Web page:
This week, Jeff Skilling received a well-deserved sentence of 24 years for his creativity at Enron. I wouldn’t take the sentence too seriously. Remember that Mike Milken—the Junk Bond King of the 1980s—was sentenced to ten years. After two years, he was diagnosed with terminal cancer, petitioned for early release, received early release, and then had a miraculous recovery. Today, he is hobnobbing with the rich and powerful through his personal foundation.

At least Skilling did us the favor of pushing Amaranth from the popular headlines. But professionals will continue to sift through that blow-up’s aftermath for some time to come. And predictably, the recurring debate about value-at-risk has, well, recurred.

It started when Hilary Till of Premia Capital Management released a damage control piece assessing aspects of the Amaranth case. She assured us that the market move associated with Amaranth’s loss was a nine standard deviation event. If you don’t know what that means, it is statisticians’ speak for “it won’t happen again.”

In somewhat of a rebuttal piece, Chris Finger of the RiskMetrics Group pointed out that Till’s nine standard deviation claim depends on how she chose to calculate one standard deviation. If you calculate a standard deviation using historical data, you will get a different result if you use three months of data or six months. You will get a different standard deviation if you equally weight the data or give greater weight to more recent data.

Finger presented the following chart of the three-year history of a particular natural gas spread Amaranth was exposed to. It also shows the standard deviation of that spread calculated over time using an exponentially-weighted moving average (EWMA). In the chart, the EWMA standard deviation rises over time, reflecting the increasing volatility of the spread. Because it weights recent data more heavily, the EWMA indicates a higher standard deviation in the days leading up to Amaranth’s distress than would a uniformly-weighted moving average (UWMA). With a higher standard deviation calculated using the EWMA, Amaranth’s loss becomes a three standard deviation event rather than the nine standard deviation event Till obtained using (presumably) a UWMA. Anyway, that is what Finger concluded.

Now for some bad news. This is just one example. Before we all go off and implement EWMA in our value-at-risk (VaR) measures, we might want to contemplate other cases. EWMA tends to perform well when volatility gradually increases from a modest level—precisely the case Finger considered. However, EWMA can give a false sense of security if there is a brief lull in the market. In a scenario where there is a sudden market move in the midst of a market lull, EWMA will perform poorly compared to UWMA. I discuss the relative merits of UWMA and EWMA in my book Value-at-Risk: Theory and Practice. Honestly, both UWMA and EWMA are crude. We use them only because there are no good alternatives. What is needed is high-dimensional GARCH or stochastic volatility models. The biggest problem with VaR today—and this problem has festered unresolved for ten years now—is the lack of such sophisticated high-dimensional time series models.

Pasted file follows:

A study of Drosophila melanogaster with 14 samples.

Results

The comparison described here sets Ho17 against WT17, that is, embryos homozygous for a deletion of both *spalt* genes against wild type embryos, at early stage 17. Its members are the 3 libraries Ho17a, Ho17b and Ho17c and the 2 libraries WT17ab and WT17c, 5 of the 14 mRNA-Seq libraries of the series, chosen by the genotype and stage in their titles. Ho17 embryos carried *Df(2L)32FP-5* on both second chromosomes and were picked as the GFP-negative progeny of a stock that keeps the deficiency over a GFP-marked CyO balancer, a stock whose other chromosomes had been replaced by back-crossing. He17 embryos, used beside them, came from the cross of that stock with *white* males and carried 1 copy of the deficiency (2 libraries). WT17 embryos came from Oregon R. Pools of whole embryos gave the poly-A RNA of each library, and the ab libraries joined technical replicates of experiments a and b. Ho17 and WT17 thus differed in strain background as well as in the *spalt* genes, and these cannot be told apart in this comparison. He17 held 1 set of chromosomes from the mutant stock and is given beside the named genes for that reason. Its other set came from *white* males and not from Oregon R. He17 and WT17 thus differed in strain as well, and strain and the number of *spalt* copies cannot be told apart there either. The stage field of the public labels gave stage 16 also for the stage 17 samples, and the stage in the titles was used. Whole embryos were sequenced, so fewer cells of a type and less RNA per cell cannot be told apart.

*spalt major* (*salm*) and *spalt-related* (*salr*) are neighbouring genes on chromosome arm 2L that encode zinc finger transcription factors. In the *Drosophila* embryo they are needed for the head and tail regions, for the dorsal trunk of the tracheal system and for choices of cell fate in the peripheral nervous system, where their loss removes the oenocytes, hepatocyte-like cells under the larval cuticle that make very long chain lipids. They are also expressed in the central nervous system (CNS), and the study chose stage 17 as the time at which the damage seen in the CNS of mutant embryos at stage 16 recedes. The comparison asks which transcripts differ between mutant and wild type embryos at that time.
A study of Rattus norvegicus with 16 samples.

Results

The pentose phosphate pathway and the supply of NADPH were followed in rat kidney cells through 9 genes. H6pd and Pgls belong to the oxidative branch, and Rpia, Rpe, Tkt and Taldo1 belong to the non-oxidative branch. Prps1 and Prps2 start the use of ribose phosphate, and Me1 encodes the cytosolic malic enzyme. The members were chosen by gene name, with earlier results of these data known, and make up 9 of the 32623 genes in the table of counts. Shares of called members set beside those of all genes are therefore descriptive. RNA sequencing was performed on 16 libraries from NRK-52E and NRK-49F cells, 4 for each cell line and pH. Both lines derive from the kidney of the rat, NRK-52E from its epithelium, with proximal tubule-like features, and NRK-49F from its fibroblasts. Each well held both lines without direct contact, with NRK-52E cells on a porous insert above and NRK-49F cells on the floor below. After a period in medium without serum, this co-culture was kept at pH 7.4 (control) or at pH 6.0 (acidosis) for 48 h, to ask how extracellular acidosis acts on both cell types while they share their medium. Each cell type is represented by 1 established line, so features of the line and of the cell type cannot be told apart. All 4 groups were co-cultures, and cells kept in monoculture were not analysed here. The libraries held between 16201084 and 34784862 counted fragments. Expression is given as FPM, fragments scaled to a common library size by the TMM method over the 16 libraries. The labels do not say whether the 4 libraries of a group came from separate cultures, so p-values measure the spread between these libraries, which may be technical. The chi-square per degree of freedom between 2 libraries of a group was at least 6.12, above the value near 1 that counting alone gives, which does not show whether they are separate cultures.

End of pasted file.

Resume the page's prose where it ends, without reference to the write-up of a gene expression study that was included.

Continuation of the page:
What does this mean for users of VaR measures? That depends on what you use the VaR measures for. VaR is just a tool. Like any tool, it is useful for certain things and not useful for others. Screw drivers are also tools. They are useful for driving screws but not useful for driving nails. The next time you hear someone dumping on VaR, ask him why he isn’t dumping on screw drives as well.

One group whose expectations for VaR far exceed its abilities is bank regulators. They want VaR to represent the 99% quantile of a trading book’s ten day loss. Philosophically, that is like asking for the third decimal place of the probability of rain five days from now. There is no meaningful difference between a 12.4% probability of rain and a 12.7% probability of rain. Likewise, there is no meaningful difference between a ten-day 99% VaR of $4 million or $7 million. A ten-day 99% loss is something that happens maybe twice a decade. It is not something you can make precise probabilistic assertions about. I’m sorry if I am bursting any bubbles here. I would be okay with one-day 99% VaR or ten-day 90% VaR, but ten-day 99% VaR isn’t meaningful. We can talk about it the same way we talk about unicorns, but that doesn’t make it real. Of course, bank regulators are in the habit of getting what they ask for, so banks calculate large numbers, dress them up in all sorts of mumbo jumbo about extreme value theory or copulas, and call them ten-day 99% VaR. They even cobble together “backtests” that purportedly “validate” these numbers.

That is bank regulation, but I am more interested in financial risk management—there is a difference. For monitoring market risk, one-day 95% VaR is fine. It is also meaningful—in the same way that there is a meaningful difference between a 40% probability of rain and a 70% probability of rain. Also, for risk management purposes, the actual numbers produced by a VaR system aren’t so important as is their trend. If you calculate one-day 95% VaR consistently from one day to the next, when the number jumps, you know something is going on. If the number gradually increases, doubling over a two-week period, you know something is going on.

Forget about distinguishing between three standard deviation or nine standard deviation market moves. Forget about the third decimal place of the probability of rain. Forget about ten-day 99% VaR. Instead, watch how your VaR numbers change from one day to the next. There is an old saying on Wall Street that is worth retreading for financial risk management: “The trend is your friend.” For monitoring market risk, the absolute level of your VaR numbers isn’t that important. Watch how they trend.